Portrait of the Artist as a Young Man

For parents, theater can be a great teaching tool. Performances can expose children to art and other cultures (through the action onstage) as well as to ideas about self-control and group behavior (through the act of sitting in an audience). Most important, going to the theater is a bonding experience that can be continued through adulthood; as sons and daughters age, parents can look forward to taking them to more sophisticated fare. Family-theater purveyors the Paddywack Players are presenting Barry Kornhauser's This Is Not a Pipe Dream, a theater-and-art collage that delves into the formative years of Belgian surrealist artist René Magritte as well as the creation of theater. The show's messages, to be true to yourself and to follow your dreams, are familiar ones, but here they are wrapped in an imaginative, challenging production that appeals to the young set—with a few tricks up its sleeve to keep the adults tuned in, too.

Walking into the recently redone Richmond Shepard Theater (formerly the Vineyard), the audience is greeted to its first dose of surrealism, in the form of the theater space. The playing area—featuring cloudy-skied flats and children's wooden chairs suspended from the ceiling—is set up with half of its audience in front of it and half to the side, where the stage right "wings" would be. A projector is tucked away toward the main entrance.

The show opens on Magritte as an infant, captivated by a mobile (the airborne chairs). A character named the Interlocutor enters, explaining that we are seeing a play and that this is not actually Magritte, since he lived a long time ago. Rather, this is an actor playing a character named René who represents Magritte, just as Magritte's famous painting of a pipe (bearing the inscription "This is not a pipe") is only a representation of a pipe. Meta-theatrical tricks abound, as do wordplay, slapstick, visual gags, sound effects, and slides of the artist's work. Later in the piece, more serious themes about life and death begin to emerge.

Clearly, this is a play created with the attention spans of its key audience (children) in mind. The first half incorporates a lot of action and silliness, which made the younger audience members roar in appreciation. (Older audience members were fonder of jokes involving the breaking of the fourth wall, though everyone seemed to enjoy the broad, but still pretty clean, humor.)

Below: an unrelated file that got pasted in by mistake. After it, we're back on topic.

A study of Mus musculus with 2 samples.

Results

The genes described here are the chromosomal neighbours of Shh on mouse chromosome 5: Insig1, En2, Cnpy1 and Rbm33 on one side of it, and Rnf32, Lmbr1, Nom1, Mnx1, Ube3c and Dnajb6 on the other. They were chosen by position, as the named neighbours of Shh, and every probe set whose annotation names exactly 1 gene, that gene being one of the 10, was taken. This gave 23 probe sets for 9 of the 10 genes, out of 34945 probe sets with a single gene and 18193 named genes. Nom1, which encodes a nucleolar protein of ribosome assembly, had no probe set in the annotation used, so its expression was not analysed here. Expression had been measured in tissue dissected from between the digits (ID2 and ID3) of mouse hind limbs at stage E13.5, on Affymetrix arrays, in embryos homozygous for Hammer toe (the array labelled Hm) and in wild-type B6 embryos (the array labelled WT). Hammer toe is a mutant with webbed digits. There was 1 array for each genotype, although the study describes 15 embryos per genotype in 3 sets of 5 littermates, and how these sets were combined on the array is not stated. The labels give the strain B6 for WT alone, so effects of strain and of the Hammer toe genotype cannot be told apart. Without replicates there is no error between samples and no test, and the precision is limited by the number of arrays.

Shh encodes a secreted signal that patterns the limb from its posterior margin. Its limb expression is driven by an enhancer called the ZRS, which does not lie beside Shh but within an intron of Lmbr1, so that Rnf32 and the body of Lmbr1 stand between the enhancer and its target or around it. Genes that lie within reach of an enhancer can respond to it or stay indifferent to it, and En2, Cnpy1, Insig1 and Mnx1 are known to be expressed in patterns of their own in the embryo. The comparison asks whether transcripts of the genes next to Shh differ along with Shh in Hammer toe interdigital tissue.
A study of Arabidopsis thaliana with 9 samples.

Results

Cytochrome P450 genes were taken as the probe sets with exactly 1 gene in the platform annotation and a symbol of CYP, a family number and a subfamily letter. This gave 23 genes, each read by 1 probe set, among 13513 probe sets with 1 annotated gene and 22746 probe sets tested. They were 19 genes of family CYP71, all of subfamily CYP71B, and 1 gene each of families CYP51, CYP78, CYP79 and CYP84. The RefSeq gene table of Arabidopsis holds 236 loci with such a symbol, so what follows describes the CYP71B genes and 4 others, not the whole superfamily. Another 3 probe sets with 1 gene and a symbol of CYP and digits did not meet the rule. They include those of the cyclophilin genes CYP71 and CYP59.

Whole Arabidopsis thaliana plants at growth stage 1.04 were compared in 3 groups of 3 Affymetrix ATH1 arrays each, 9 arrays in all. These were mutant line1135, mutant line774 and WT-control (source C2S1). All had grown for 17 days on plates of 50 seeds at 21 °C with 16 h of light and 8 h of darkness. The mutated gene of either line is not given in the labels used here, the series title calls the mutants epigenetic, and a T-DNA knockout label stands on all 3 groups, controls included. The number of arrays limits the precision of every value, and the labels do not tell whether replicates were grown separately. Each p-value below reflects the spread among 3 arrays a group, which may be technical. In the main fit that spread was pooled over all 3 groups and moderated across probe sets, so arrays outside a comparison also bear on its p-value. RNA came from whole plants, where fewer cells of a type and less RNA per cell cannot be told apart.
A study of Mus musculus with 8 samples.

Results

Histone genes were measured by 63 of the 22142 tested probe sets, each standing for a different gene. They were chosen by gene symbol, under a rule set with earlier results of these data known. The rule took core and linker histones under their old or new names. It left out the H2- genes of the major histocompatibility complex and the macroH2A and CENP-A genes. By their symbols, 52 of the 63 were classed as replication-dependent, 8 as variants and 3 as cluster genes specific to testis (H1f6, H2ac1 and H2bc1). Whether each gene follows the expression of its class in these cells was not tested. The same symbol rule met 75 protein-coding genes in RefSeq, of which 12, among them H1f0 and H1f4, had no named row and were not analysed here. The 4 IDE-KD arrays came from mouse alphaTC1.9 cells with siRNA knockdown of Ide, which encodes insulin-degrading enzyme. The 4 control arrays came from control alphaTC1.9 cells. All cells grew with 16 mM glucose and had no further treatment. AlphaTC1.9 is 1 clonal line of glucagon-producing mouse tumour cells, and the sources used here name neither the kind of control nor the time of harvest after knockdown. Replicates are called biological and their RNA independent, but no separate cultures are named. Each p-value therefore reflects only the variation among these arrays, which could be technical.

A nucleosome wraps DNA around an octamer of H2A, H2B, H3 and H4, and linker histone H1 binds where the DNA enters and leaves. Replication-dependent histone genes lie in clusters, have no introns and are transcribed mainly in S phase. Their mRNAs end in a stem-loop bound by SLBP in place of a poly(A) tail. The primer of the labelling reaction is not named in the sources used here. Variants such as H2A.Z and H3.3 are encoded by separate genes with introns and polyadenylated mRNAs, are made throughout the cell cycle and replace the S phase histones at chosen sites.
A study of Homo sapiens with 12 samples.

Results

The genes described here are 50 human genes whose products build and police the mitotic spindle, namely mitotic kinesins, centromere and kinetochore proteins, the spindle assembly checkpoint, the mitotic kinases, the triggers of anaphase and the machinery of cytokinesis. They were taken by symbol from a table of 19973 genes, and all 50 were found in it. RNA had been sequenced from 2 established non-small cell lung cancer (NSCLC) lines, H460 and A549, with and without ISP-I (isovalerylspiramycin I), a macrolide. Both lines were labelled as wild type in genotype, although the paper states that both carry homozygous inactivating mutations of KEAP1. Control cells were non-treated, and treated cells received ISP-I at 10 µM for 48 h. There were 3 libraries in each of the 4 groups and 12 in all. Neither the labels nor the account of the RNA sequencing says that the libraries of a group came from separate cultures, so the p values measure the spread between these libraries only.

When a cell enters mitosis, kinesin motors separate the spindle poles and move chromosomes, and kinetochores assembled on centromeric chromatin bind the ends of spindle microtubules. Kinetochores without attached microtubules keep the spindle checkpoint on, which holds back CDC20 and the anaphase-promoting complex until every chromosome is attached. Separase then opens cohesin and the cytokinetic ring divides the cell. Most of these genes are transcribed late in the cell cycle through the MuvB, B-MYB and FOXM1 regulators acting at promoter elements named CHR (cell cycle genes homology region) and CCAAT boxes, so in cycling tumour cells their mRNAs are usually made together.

With the little ones' interest captured, the show goes deeper, addressing Magritte's philosophies and following his search for his "lost" mother. (The painter's mother actually committed suicide by drowning herself in a river, but this is never referred to directly.) This section prompted a few boys and girls to pose questions to their parents, which, though a little disturbing to fellow theatergoers, should be seen as a positive reaction. Rather than ignore what they didn't understand, these tykes sought to understand it.

The actors did a fine job switching between performance styles, having to tackle realism, to-the-audience oration, and Keystone Kops high jinks in the show's 60 minutes. As the Interlocutor, Wali Collins used his strong baritone and expressive face to great effect. As René's parents, Alex Pierce (as a buffoonish stuffed shirt) and Isabel Steuble-Johnson (as a sympathetic voice of wisdom) endowed their characters with enough spirit to get them beyond caricature.

David Brown's René, however, was tough to pin down. Although Magritte was 14 at the time of his mother's death, Brown seemed at times to be playing a toddler, letting out infantile squeals and padding along in bare feet like a new walker. Then he would stand a little more upright and speak as an adult, with no explanation as to why his character was grown up for a few sentences. Perhaps a quick change of lighting or costume would have clarified those moments better.

Director Tracy Bersley has obviously put these actors through their paces; a lot of potentially chaotic scene changes and movements went off without a hitch. The slide show portion, which can trip up even the slickest of shows, seemed equally well rehearsed.

The press release for This Is Not a Pipe Dream suggests that it is "suitable for ages 5 to 105," which is a cutesy way of saying the show's appeal is "ageless." At the performance that I attended, the 5- to 9-year-olds in attendance were the most enthusiastic members of the crowd. (They were also pretty enthused about the free cookies given to them before the show.) Rather than market itself as an all-ages affair, perhaps the production should follow its own mantra of being true to itself and embrace its own wacky, dark inner child.